At a glance, this intersection may look like many others in North Minneapolis. But what you don’t see from just driving through are the opportunities created by each of the organizations that anchor this hub. Financial literacy training. Job opportunities. Stable housing. Youth development. Celebration of art and culture. The opportunity to thrive.
These opportunities embody the key pillars of LISC’s community development philosophy: physical and economic development, and social impact. LISC has partnered with and invested in the organizations at this intersection with the belief that when a community believes in itself, community members can create lasting change and thrive in a place that they love.
When LISC began partnering with various organizations in the Emerson and West Broadway neighborhood, there was already a lot of community-driven vision and activity happening says Tina Homstad, a Program Officer at Twin Cities LISC. LISC was able to get behind those projects, people and organizations to help support their vision—through financial support, technical expertise, network building and so much more.
“It’s really about putting the community first,” Homstad says.
Take, for example, EMERGE—one of LISC’s Financial Opportunity Center and Bridges to Career Opportunities partners, helping individuals and families achieve financial stability. EMERGE, with support from LISC and many others, redeveloped the historic North Branch library into their North Minneapolis headquarters—and a hub for their workforce development programs, where they offer individual job coaching, financial education workshops, and connections to technical training and career opportunities.
Mike Wynne, executive director of EMERGE, says that the Bridges to Career Opportunities partnership ties career training to financial education and asset building. “The data suggests that people achieve better outcomes when they receive these two ways of support—a training program standing alone is not as powerful as a training program with financial education.” This dual vision helps people create and commit to a vision for their future—one that’s not just about survival or a singular career goal, but a plan that leads to greater accomplishment.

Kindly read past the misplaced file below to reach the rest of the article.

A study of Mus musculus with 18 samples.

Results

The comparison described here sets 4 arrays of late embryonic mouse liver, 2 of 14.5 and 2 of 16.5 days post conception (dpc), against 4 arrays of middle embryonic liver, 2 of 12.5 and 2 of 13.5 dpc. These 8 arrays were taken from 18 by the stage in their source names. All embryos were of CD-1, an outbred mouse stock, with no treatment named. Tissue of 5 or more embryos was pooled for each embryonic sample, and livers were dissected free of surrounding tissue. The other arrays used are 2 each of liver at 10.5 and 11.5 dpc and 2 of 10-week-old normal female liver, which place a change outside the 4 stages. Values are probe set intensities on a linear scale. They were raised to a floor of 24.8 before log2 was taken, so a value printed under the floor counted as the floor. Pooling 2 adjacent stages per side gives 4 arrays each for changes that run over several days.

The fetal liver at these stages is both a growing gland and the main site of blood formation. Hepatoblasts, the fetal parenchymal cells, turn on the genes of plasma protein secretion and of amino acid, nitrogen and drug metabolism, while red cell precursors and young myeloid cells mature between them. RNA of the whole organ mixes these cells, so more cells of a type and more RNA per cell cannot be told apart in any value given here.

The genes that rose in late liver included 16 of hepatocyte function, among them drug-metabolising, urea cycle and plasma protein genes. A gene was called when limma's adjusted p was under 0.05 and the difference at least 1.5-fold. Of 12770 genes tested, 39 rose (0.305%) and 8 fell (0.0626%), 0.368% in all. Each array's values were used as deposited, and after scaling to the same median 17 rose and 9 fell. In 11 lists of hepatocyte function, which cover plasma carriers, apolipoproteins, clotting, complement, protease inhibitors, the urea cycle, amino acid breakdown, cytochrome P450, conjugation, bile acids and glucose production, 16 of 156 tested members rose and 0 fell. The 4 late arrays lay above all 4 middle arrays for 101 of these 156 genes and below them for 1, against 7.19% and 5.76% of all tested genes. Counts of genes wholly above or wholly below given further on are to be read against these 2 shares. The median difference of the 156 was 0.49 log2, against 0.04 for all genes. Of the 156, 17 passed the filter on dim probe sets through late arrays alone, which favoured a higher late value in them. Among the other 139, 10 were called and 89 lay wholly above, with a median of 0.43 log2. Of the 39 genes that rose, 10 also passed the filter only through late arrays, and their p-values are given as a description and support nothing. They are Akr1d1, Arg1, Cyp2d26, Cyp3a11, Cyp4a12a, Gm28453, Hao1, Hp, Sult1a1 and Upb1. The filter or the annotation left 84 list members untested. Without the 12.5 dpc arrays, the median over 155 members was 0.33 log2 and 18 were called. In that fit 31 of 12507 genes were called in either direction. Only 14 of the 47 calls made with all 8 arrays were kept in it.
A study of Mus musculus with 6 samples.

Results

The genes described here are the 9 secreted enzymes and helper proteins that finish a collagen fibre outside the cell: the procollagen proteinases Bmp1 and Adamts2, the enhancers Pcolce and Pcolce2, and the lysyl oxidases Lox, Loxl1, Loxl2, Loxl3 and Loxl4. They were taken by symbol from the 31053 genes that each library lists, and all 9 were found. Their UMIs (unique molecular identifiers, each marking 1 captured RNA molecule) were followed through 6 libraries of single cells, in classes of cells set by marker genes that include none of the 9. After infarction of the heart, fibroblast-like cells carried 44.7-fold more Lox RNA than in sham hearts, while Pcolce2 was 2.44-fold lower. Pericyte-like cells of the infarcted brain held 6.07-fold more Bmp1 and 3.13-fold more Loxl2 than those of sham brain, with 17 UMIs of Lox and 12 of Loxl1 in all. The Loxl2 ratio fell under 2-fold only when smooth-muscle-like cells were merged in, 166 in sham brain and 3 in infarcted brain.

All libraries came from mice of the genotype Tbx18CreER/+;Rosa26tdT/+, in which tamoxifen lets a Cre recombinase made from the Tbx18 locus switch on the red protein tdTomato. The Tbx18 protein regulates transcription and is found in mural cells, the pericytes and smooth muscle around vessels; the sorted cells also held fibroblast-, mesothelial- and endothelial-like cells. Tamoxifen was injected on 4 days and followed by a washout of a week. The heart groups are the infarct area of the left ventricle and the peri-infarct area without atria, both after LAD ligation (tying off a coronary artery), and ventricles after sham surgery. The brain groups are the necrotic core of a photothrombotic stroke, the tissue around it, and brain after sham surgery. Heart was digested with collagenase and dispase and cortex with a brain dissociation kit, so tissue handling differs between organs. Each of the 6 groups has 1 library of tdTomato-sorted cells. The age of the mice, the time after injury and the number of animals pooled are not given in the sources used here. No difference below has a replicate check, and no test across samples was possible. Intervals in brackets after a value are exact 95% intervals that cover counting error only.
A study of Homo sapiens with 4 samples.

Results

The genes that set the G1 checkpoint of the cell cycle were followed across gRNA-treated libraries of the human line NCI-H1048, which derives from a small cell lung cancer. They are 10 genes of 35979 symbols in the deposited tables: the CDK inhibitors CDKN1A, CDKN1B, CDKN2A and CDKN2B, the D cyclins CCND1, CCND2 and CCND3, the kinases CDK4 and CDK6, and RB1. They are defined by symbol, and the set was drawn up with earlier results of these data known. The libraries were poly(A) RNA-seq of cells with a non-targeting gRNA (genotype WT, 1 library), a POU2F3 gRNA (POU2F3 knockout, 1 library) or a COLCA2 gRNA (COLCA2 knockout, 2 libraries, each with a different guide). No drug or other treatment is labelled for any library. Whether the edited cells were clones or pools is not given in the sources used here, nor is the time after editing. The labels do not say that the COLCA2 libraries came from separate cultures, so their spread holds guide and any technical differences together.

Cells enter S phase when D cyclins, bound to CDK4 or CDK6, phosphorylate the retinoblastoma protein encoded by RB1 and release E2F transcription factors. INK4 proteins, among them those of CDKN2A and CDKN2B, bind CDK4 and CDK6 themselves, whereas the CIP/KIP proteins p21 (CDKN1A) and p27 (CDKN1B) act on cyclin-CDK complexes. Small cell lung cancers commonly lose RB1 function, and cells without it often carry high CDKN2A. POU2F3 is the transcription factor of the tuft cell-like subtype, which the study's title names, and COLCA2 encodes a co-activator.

“We believe that if we can help more people gain access to jobs and increase income, and also help people develop financial skills, that they’re going to become more sustainable households,” says Wynne. With this help, “they’re going to be able to pay their cost of living and they’re going to invest in their own community, and our community is going to thrive together. That’s our notion of community development.”
Urban Homeworks, on the opposite corner of Emerson and West Broadway, has a two-pronged focus: community engagement and housing.
LISC has partnered with Urban Homeworks to support them as they’ve grown by helping build organizational capacity, offering technical assistance, facilitating conversations with other organizations, and helping them learn how to better tell their organization’s story. Urban Homeworks has also been a critical partner in LISC’s housing and foreclosure recovery work.
Urban Homeworks operates under a people-oriented development model. Using this model, they transform foreclosed, condemned or boarded properties into dignified, quality places to live. The people-oriented side comes in as they engage community members throughout the redevelopment process to help determine what their neighborhoods look like. What results is a network of high-quality rental units, opportunities for stable homeownership in improved properties, deeply engaged caretakers and connected neighbors.
Chad Schwitters, executive director of Urban Homeworks, says they’re re-imagining ownership, community control and how capital works for people in this neighborhood. “I'm excited to be a part of a community that develops itself from the inside out and embraces, includes, and builds on the power and energy within the people already here.”
It’s an opportunity to plug into a community, to have a voice, to contribute. In Schwitters’ view, when a community member benefits from the work, ownership, maintenance, and occupancy of a neighborhood, it’s the difference between housing being used to marginalize and divide a community or it being used as a redemptive, humanizing and equitable force.
Amy McCulloch, the deputy director of Twin Cities LISC, says an important question to ask when redeveloping a neighborhood is, “Who owns the dirt?”
Are they benefiting from the changes? The LISC team believes this is part of why the redevelopment of the Emerson and West Broadway neighborhood has been so successful—because the key organizations that “own the dirt” in the neighborhood have a vested interest in the success of its residents and businesses.
“We believe that the answers are here,” says Wynne. “We believe that the community has the assets and the resources to create the vitality and the economic opportunity to build the economic engine.”